Authentic voices. Remarkable stories. AOL On Originals showcase the passions that make the world a more interesting place.
James Franco loves movies. He loves watching them, acting in them, directing them, and even writing them. And now, he’s going to take some of his favorite movie scenes from the most famous films of all time, and re-imagine them in ways that only James can.
Go behind the scenes with some of the biggest digital celebrities to see what life is like when the blogging and tweeting stops.
The story of punk rock singer Laura Jane Grace of Against Me! who came out as a woman in 2012, and other members of the trans community whose experiences are woefully underrepresented and misunderstood in the media.
Documentary shorts conceived of and directed by famous actors. Jeff Garlin, Katie Holmes, Alia Shawkat, Judy Greer, and James Purefoy
Park Bench is a new kind of "talking show" straight from the mind of born and bred New Yorker and host, Steve Buscemi.
Digital influencer Justine Ezarik (iJustine) is back. After covering the world of wearable tech last season, iJustine is expanding her coverage this year by profiling the hottest tech trends across the country.
A 12 episode documentary series following 5 startup companies competing in the 2013 San Francisco TechCrunch Disrupt Startup Battlefield as they fine tune their products and eventually present in front of a panel of judges in hopes of winning $50,000 in funding.
Enter the graceful but competitive world of ballet through the eyes of executive producer, Sarah Jessica Parker. This behind-the-scenes docudrama reveals what it takes to perform on the ultimate stage, the New York City Ballet. Catch NYCB on stage at Lincoln Center.
Nicole Richie brings her unfiltered sense of humor and unique perspective to life in a new series based on her irreverent twitter feed. The show follows the outspoken celebrity as she shares her perspective on style, parenting, relationships and her journey to adulthood.
Explore what it means to be human as we rush head first into the future through the eyes, creativity, and mind of Tiffany Shlain, acclaimed filmmaker and speaker, founder of The Webby Awards, mother, constant pusher of boundaries and one of Newsweek’s “women shaping the 21st Century.”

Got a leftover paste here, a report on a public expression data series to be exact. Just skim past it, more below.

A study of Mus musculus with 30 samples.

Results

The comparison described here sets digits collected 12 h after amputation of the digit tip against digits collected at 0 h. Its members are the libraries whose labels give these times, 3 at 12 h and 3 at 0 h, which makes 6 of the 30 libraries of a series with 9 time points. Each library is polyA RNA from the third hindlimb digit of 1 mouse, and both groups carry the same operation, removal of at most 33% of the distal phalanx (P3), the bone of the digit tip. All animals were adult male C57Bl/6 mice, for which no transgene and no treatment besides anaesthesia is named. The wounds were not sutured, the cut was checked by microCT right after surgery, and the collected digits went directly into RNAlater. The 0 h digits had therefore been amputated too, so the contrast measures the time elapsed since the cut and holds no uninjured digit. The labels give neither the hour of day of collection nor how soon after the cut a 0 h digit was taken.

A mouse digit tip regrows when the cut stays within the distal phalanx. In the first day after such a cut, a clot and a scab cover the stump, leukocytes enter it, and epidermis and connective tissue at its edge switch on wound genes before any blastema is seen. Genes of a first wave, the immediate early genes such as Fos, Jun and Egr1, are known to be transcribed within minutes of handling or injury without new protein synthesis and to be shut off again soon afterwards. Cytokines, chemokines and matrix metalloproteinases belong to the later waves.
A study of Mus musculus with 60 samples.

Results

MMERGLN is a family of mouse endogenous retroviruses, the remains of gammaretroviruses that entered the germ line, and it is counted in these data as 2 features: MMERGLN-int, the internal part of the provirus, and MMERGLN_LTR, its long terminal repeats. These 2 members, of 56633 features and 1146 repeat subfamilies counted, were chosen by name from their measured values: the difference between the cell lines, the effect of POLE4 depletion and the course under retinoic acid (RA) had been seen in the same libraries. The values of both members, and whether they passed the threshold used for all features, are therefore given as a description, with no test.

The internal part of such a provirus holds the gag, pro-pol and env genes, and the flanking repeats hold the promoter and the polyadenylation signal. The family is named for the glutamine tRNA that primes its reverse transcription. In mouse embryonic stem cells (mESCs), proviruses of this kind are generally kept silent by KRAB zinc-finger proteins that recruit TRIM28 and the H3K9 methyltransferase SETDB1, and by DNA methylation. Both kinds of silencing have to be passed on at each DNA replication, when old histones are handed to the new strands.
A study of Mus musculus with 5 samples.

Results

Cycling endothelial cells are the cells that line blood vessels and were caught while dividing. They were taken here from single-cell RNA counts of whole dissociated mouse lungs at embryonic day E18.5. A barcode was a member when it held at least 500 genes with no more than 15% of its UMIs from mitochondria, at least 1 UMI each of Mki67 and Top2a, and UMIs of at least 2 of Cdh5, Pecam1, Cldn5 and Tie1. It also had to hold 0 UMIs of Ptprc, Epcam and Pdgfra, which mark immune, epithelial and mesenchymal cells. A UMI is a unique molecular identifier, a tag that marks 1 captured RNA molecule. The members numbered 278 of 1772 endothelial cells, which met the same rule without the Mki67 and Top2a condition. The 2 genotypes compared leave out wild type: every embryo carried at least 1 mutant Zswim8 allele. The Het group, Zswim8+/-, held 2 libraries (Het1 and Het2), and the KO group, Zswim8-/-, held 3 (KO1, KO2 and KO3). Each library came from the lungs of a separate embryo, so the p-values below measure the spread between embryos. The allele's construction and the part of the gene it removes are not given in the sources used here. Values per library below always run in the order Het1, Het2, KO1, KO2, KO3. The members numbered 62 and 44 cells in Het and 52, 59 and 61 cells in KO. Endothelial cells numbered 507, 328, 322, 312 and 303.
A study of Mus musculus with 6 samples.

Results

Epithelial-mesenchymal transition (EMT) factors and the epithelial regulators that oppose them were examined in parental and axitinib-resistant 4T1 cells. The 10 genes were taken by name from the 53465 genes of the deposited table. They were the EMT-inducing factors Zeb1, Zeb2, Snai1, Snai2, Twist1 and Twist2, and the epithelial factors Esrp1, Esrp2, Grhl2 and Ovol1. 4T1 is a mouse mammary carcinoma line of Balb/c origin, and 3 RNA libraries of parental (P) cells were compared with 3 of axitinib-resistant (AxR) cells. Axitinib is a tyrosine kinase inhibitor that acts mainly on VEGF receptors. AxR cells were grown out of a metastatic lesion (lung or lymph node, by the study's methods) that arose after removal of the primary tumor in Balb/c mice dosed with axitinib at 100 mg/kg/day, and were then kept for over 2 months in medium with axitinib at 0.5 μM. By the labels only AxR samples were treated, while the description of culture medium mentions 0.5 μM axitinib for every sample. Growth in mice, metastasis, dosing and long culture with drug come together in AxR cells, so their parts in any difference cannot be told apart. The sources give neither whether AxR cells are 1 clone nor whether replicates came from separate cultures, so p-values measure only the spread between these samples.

Gwyneth Paltrow and Tracy Anderson spend time with women who've overcome hardship, injury, and setbacks to triumph in the face of adversity.
Hank Azaria’s touching, humorous, and often enlightening journey from a man who is not even sure he wants to have kids, to a father going through the joys, trials and tribulations of being a dad.
Zimbabwe's very own rust belt. The abandoned and decaying remains of what was once the country's economic backbone, manufacturing. It's hard to imagine now, but thanks to these factories, manufacturing used to account for a quarter of Zimbabwe's economy. Today it's just two percent. Economist Eric Bloch explains. (SOUNDBITE) (English) ERIC BLOCH, ECONOMIST SAYING: "In 2008 Zimbabwe underwent the greatest hyper-inflation ever experienced anywhere in the world at any time, and as a result, by the end of 2008 businesses needed trillions percent more capital, just to carry the same amount of stock, the same work in progress, and their operating costs had gone up by trillions, trillions percent." That inflation, and the economic crisis, has been blamed on the ZANU-PF party of Zimbabwe's president Robert Mugabe, in particular the seizure of commercial farms owned by whites. Mining companies are also under pressure to sell majority stakes to black Zimbabweans, in what are known as economic empowerment deals. Francis Nhema is a Zimbabwean government minister. (SOUNDBITE) (English) ZIMBABWE YOUTH, ECONOMIC EMPOWERMENT AND INDIGENISATION MINISTER, FRANCIS NHEMA, SAYING: "There's no letting up because we are now moving in a broad based economic empowerment policy which involves everyone from the gardner up to the chief executive. So everyone has to be involved in the economic empowerment and the creation of wealth. So government is not letting up. In actual fact, government is even saying let all companies take care and know that all people are involved in the economy of the country." Zimbabwe's economy was once among the largest in Africa, but it's shrunk dramatically. An election in 2009 saw Mugabe forced to share power with arch-rival Morgan Tsvangirai. That helped the economy recovery a little, but business confidence has fallen once more, since Mugabe was reelected alone in July. But at businesses like this fridge factory, there's optimism. (SOUNDBITE) (English) ENTREPRENEUR, CALISTO JOKONYA, SAYING: "I am sure big things are coming, but that's a beginning, we were also on a sliding scale, but we have just turned a corner." Another glimmer of hope lies in tobacco farming. Production is expected to hit 200,000 tonnes a year, more than four times the level in 2008 at the height of the crisis. The mining of diamonds is also seen as a massive untapped resource, but only if Zimbabwe's governmentis able to address concerns over the industry.